There's an invisible line that none of us can see but most of us know is there. On one side sit integrity, originality, artistry and other nauseating words that end in "ty"; on the other, mawkish balladry, predictable chord progressions, lowest common denominator lyrics, gumboils and arthritis. Musicians certainly know about it, and crossing it often means platinum album sales and untold riches. But at what price? Your stock may rise with the record company and a headline slot at V Festival is all but inevitable, but such Faustian pacts don't go down well with critics and those who probably take their music more seriously than they should. Chris Martin has the Learjet, the Hollywood wife and the guest appearance on The Simpsons to crow about, but is he really happy? Snow Patrol too used to be a likable little band with spiky little indie songs playing gungeholes and Barflys before they got tired of driving up and down the M5 in a white, Bedford van. "I'm sick of struggling," Gary Lightbody complained to Satan. "Slow everything down," advised Satan. "Think simple. Think viral. Think Lion Woman from X Factor warbling all over it at Christmas. Off you go Lightbody."

Then there are bands that go awry for inexplicable reasons. They just lose the plot, go soft in the head, believe their own hype. Unspeakable wealth and fame don't seem applicable somehow, and yet, for whatever reason they circumnavigate taste entirely, crashing through the invisible line and winding up with a product that feels wrong on almost every level. Regrettably, Shearwater seem to have forsaken the gorgeous subtlety that made them such a hidden treasure not so long ago to produce this Frankenstein's monster of an album. It now seems a very long time since their double-disc opus Palo Santo, made in 2006, that while undoubtedly driven by emotion, also drew on the genius of bands like Talk Talk to somehow keep everything in check. That emotional edge now seems like the thin end of the wedge, and The Golden Archipelago is a folk album so overwrought and worthy that it sounds like one of Christy Moore's hangovers.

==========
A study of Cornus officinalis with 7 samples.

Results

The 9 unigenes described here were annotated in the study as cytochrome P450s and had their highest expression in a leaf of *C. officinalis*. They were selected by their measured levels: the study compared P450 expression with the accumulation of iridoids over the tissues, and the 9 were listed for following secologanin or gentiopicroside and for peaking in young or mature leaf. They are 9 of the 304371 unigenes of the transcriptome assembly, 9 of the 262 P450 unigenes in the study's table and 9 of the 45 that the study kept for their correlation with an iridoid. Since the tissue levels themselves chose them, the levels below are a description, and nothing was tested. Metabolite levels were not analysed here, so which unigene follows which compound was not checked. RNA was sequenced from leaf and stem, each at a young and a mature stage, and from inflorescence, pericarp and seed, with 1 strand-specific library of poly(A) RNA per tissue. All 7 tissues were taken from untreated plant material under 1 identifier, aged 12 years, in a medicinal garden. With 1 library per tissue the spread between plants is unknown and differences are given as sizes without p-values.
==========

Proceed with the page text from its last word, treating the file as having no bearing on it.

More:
The 72-page booklet that accompanies, full of sepia-tinted pictures of mountains and black and white shots of slaves, screams "epic!" before the laser even hits the CD. It's as though they set out with the intention of making the most heroic and legendary record possible, and have somehow got lost in a solipsistic bubble of self-belief. The Golden Archipelago is how Elbow might sound if Guy Garvey were the guy in the Book of Job. It gushes with sentimentality and revels in its own bombast.

One can almost see them locked away in a studio deliberately denying themselves contact with the real world as they get drunker and drunker on their own success. Having emerged back to normality, what they deliver is a stinker that makes you think of post-Fish Marillion no matter how hard you try not to, exemplified best on 'Corridors', a song that does for progressive rock what Toby Young does for fashion.

From the outset on ‘Meridian’, a song that sounds like Alan Partridge's vision of Ireland, to ‘Missing Islands’ at the end with its stings and creeping piano, it's as though they intend to wring out every ounce of emotion they can, and it's exhausting for the listener, like being at a funeral that, unlike the chap in the coffin, refuses to die. We also get Clannad on 'God Made Me', latter-career Pink Floyd on 'Runners of the Sun', while tracks like 'Castaway' and 'An Insular Life' would be perfect soundtracks to a rugby World Cup for ITV.

Only there's no Rugby World Cup this year. Thank Christ.